That’s the bombshell claim of a disaffected former Trump staffer who is peddling the allegation to various media outlets, including The National ENQUIRER, a sister publication of RadarOnline.com.
Dino Sajudin, who worked at the Trump Organization as a doorman, first approached The ENQUIRER in the early stages of the 2016 campaign, Radar can reveal.
Sajudin sensationally claimed to reporters and editors at The ENQUIRER that he’d heard the “love child” scuttlebutt from other Trump Organization employees.
Internal emails reviewed by Radar show The ENQUIRER jumped to publish the story, and feared tipping off the Trump camp.
“We have not made any moves on Dino’s contacts,” wrote Dylan Howard, editor in chief of The ENQUIRER, “because they could go right to Trump.”
On November 30, 2015, The ENQUIRER signed Sajudin to a $30,000 contract to be paid “upon publication” for information he had about an alleged Trump “love child,” according to documents reviewed by Radar.
As is its practice, The ENQUIRER asked Sajudin to submit to a lie detector test. But, on December 9, 2015, Sajudin refused to take the test unless he was given an advance on his $30,000 payment!
The ENQUIRER agreed to give him $500 if he passed his polygraph.
According to the polygrapher’s written report to The ENQUIRER’S executive editor: “The polygraph examination was being conducted to verify whether the subject was being truthful regarding allegations that he had heard while employed at the Trump World Towers located in New York City.”
“The subject alleged that he heard from other employees that Donald Trump had a child with a female employee identified as (Name Redacted).” Radar has chosen not to identify the woman — as she is a private figure.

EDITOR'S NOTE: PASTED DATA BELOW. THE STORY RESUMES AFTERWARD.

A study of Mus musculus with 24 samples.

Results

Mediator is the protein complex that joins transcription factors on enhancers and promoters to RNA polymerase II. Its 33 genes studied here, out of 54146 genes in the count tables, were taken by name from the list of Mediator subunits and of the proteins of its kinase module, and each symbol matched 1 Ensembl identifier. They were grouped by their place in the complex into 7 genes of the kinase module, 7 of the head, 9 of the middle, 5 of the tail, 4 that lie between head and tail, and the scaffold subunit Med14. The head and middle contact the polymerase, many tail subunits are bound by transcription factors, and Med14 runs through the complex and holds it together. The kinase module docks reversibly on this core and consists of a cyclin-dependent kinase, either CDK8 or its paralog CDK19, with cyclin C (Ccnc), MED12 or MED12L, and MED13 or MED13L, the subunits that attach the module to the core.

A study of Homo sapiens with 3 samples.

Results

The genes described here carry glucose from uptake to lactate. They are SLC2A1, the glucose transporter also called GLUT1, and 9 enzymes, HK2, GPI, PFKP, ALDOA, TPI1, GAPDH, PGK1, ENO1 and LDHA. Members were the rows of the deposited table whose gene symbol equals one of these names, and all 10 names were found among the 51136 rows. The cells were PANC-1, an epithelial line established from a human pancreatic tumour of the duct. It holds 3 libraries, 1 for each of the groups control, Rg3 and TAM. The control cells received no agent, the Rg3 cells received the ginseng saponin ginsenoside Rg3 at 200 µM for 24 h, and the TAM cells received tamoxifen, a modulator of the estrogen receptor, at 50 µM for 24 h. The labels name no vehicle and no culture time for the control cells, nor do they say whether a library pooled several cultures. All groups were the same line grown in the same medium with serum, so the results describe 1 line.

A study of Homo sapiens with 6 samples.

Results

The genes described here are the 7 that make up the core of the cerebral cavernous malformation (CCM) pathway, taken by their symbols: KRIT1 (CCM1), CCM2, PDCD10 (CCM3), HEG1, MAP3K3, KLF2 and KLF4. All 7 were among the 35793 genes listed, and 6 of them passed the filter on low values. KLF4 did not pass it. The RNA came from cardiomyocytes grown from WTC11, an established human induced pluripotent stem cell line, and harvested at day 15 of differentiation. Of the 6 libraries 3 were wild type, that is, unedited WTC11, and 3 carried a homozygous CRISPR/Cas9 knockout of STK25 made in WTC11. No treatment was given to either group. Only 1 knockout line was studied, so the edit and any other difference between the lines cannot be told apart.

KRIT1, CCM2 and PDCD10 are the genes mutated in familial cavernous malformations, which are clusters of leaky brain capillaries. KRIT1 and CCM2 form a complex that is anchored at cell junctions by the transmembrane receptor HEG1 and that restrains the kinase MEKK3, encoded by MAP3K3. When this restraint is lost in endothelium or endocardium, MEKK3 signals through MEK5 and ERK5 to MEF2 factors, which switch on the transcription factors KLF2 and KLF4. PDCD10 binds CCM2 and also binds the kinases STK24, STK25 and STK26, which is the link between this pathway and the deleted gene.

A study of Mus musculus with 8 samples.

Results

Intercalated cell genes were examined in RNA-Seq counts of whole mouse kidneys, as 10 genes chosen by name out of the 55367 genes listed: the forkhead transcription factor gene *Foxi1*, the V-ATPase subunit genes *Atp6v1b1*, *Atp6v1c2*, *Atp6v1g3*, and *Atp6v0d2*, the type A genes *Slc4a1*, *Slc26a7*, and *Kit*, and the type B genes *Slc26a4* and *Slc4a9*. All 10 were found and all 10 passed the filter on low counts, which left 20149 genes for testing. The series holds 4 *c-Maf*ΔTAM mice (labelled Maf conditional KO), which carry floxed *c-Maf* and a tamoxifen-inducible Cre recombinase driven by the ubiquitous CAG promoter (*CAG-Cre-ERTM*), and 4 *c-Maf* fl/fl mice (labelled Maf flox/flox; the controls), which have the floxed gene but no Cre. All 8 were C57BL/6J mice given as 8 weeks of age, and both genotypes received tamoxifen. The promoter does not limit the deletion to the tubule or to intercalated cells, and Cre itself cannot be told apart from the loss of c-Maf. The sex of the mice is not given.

He was asked:
1) “Did you hear from employees and residents of the Trump World Towers that (Name Redacted) had a child with Donald Trump?” Answer: “Yes”
2) "Did you hear from (Name Redacted) that (Name Redacted) had a child with Donald Trump?" Answer: "Yes"
3) “Did you overhear (Name Redacted) saying that (Name Redacted) got knocked up by the boss?" Answer: “Yes”
4) “Are you telling the truth regarding information that you are providing to The National ENQUIRER?" Answer: “Yes”
Concluded the polygrapher: “In conclusion, it is the professional opinion of this examiner based on the subject’s reactions to the relevant test questions, that the subject was being truthful regarding the above-mentioned issues.”
After passing the test, Sajudin demanded he be paid his entire source fee — $30,000 — up front, or he was going to take the story elsewhere.
Faced with losing the source, or possibly losing its money, The ENQUIRER blinked, and agreed to pay the entire fee.
But after four weeks of investigation, and dozens of phone calls, the tabloid — famed for proving John Edwards had fathered a “love child” — concluded the story was NOT true.
“When we realized we would be unable to publish, and other media outlets approached the source about his tale, we released Sajudin from the exclusivity clause that had accompanied his $30,000 payment, freeing him to tell his story to whomever he wanted,” said ENQUIRER Editor-In-Chief Dylan Howard.
“Many organizations have since tried … including The Wall Street Journal, The New York Times, and The Associated Press.
“The latest is Ronan Farrow from The New Yorker, who is calling our staff, and seems to think this is another example of how The ENQUIRER, by supposedly 'catching and killing' stories about President Trump is a threat to national security.
He added, “We’re flattered by this attention, and wish that it were true. Unfortunately, however, Dino Sajudin is one fish that swam away.”